Even though a law was enacted in the 1990s that required the government to create a visa tracking system, federal officials confess to losing track of how many foreigners remain in the United States each year beyond the expiration of their visas. South Carolina residents might also be surprised that one official revealed during the House Oversight Committee hearing on Dec. 17 that the government does not know the locations of all of the former visa holders of the 9,500 visas that have been revoked for terrorism concerns since 2001.

During the hearing, the House Oversight Committee noted that Congress required in 1996 that a biometric exit system with eye scans, fingerprints and photos be put in place to detect visa overstays. The 9/11 Commission was the first to outline the urgency for tracking visa overstays and recommended that the Department of Homeland Security complete an entry and exit tracking system. One staff member says that having accurate data is vital to reducing the threat that ISIS has declared. Even after spending millions of dollars on the effort, however, officials can only estimate how many foreigners remain past the expiration date on their visas.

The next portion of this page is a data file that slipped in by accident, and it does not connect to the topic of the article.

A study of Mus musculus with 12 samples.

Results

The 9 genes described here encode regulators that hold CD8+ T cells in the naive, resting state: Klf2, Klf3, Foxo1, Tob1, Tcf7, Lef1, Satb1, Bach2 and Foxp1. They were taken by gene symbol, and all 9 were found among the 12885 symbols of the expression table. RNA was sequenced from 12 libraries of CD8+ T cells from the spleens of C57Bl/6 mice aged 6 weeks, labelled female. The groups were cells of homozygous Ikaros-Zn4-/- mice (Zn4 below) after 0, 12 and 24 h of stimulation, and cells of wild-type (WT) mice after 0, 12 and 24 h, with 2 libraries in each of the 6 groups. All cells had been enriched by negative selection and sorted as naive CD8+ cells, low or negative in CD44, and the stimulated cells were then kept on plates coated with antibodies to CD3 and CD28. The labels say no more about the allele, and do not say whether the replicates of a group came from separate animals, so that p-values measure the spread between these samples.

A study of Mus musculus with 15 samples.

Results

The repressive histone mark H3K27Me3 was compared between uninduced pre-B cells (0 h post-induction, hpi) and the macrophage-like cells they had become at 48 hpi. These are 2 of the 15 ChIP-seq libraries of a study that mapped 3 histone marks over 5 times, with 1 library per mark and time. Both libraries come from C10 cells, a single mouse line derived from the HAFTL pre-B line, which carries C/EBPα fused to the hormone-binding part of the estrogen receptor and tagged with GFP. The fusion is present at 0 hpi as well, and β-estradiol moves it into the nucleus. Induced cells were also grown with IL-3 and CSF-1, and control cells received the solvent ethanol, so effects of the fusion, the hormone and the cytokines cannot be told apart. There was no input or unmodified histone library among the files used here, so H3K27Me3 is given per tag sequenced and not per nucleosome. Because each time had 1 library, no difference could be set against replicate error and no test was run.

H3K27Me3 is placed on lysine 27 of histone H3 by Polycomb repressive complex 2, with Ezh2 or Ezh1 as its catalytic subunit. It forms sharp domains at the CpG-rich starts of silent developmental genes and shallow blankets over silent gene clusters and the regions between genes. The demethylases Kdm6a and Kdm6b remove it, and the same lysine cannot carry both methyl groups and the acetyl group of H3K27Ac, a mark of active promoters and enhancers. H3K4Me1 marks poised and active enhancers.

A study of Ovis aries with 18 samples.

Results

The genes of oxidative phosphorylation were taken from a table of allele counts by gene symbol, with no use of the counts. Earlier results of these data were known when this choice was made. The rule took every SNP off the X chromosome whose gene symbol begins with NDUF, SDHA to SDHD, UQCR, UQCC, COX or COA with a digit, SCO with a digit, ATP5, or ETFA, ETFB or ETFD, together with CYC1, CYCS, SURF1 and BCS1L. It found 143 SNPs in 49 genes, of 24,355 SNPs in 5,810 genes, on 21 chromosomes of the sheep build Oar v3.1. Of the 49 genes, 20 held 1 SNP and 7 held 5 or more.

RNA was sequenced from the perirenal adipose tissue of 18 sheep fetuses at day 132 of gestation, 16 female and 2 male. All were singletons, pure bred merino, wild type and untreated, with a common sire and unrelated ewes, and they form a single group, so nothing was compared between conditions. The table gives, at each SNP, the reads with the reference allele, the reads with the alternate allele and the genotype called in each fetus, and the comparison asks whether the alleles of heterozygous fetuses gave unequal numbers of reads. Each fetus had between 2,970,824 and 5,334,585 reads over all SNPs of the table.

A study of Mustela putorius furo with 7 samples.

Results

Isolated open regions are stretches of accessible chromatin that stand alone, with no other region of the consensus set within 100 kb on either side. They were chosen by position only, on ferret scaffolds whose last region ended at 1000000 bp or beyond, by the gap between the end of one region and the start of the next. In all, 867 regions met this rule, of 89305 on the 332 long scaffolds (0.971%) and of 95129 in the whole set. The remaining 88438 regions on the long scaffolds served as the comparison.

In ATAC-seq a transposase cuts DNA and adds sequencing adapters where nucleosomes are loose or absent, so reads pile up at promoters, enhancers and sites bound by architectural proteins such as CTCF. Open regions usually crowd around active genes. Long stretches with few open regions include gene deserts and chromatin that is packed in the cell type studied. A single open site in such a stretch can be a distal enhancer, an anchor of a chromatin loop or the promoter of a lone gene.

Agencies have also failed since 1994 to report to Congress on the number of visa holders who remain in the country illegally. The assistant secretary for international affairs at the DHS told Congress that a report is expected to be released in six months. However, the former secretary of the DHS initially promised this report in 2013.

It is important for foreign visitors to keep track of when their visas expire. In some cases, they could get extensions to remain in the country. Foreigners who are unsure of the visa requirements or about how to seek an extension could get advice from U.S. Citizenship and Immigration Services representatives or may ask for an immigration attorney's help.